By Jennifer Copley (Last Updated 16 July 2011)
Many cats regularly make kneading motions (also referred to as paddling) with their paws, especially when they’re sitting on a person’s lap. This involves pressing one paw down and then the other in an alternating motion, spreading the toes with each push. Some people jokingly refer to this activity as “making bread” because it resembles kneading a batch of dough.
Kittens knead when they’re nursing to stimulate milk flow. Because people are much larger and provide food and care for their cats, domestic cats are in some ways permanent kittens and humans their surrogate parents. When cats snuggle up with a warm person they love, they can relive the enjoyment and contentment of being a kitten by engaging in kneading, often purring at the same time.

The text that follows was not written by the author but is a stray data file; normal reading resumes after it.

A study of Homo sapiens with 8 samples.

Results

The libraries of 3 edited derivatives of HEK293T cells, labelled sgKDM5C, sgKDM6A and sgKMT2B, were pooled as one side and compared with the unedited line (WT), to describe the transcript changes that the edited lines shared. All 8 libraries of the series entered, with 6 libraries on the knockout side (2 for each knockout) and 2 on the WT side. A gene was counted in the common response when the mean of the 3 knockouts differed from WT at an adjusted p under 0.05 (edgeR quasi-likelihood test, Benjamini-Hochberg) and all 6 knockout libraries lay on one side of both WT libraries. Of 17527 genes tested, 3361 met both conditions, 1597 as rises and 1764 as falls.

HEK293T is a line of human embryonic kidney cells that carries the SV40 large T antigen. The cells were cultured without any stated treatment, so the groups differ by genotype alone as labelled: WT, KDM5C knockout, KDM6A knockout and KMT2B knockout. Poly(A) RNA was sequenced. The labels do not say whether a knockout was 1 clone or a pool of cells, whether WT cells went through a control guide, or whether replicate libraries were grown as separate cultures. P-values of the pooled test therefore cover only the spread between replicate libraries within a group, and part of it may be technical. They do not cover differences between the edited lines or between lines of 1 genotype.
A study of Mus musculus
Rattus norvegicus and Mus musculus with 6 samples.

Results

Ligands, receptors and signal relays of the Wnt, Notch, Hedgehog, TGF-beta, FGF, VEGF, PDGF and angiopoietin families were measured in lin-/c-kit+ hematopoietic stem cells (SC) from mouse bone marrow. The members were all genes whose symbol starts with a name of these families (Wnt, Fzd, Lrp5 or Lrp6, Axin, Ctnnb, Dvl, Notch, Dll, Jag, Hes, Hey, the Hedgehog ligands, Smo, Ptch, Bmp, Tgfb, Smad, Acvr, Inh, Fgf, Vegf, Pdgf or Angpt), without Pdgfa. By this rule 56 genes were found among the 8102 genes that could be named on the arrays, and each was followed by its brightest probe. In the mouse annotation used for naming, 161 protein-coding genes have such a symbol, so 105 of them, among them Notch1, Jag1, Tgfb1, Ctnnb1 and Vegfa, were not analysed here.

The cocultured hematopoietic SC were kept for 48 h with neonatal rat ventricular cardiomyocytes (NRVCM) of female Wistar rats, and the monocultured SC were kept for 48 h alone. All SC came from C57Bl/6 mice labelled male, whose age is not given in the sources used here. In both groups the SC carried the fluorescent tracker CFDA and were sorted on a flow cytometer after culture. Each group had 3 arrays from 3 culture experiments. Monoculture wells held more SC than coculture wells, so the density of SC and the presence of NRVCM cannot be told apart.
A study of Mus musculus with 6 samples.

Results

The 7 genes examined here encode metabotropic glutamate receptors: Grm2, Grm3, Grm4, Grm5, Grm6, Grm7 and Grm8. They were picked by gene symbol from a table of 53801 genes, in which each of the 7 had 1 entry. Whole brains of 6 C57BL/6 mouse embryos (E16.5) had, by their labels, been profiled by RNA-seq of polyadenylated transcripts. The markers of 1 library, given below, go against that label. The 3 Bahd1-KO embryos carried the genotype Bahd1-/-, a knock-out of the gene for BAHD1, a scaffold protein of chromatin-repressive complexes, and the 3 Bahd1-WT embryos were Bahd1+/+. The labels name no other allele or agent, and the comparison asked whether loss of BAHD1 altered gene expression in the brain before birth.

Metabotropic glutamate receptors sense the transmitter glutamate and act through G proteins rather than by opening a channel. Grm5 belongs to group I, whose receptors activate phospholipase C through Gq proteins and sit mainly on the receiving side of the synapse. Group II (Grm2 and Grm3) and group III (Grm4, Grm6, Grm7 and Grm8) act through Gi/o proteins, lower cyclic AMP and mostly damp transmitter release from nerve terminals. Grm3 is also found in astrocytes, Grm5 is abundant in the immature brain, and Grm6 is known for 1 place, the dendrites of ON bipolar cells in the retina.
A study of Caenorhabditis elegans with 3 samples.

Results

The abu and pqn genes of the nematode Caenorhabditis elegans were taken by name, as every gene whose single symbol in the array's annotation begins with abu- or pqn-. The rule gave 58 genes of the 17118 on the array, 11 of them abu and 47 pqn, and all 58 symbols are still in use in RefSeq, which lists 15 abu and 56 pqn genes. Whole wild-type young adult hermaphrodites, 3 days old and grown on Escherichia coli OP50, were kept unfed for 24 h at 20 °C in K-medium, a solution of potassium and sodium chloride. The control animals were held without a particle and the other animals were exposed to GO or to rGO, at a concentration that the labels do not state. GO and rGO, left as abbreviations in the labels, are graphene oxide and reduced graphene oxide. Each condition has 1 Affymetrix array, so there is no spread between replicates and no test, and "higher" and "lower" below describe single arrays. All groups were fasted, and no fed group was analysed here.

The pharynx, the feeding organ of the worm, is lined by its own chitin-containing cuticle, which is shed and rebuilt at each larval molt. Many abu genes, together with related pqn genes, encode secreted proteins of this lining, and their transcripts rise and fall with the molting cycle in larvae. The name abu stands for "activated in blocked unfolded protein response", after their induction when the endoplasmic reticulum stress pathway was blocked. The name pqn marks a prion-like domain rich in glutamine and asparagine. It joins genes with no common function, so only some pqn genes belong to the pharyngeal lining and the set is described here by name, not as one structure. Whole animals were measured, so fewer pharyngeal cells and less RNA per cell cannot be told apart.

Wild cats also use a kneading motion when softening material to make a nest, and some cats will knead soft fabrics in anticipation of lying down to sleep. Kneading or paddling is perfectly natural, and is not a sign of anxiety or psychological problems.
Some people understandably dislike kneading if the cat doesn’t keep her claws fully sheathed. Trimming the tips of the claws or using a nail cap product for cats such as Soft Paws can prevent accidental scratches.
Reference: Tabor, R. (2005). 100 Ways to Understand Your Cat. Cincinnati, OH: David & Charles.
For more articles on the way cats think and the reasons they do the things they do, visit the main Cat Psychology, Communication, and Behaviour page. For a full list of cat articles, see the main Cats page.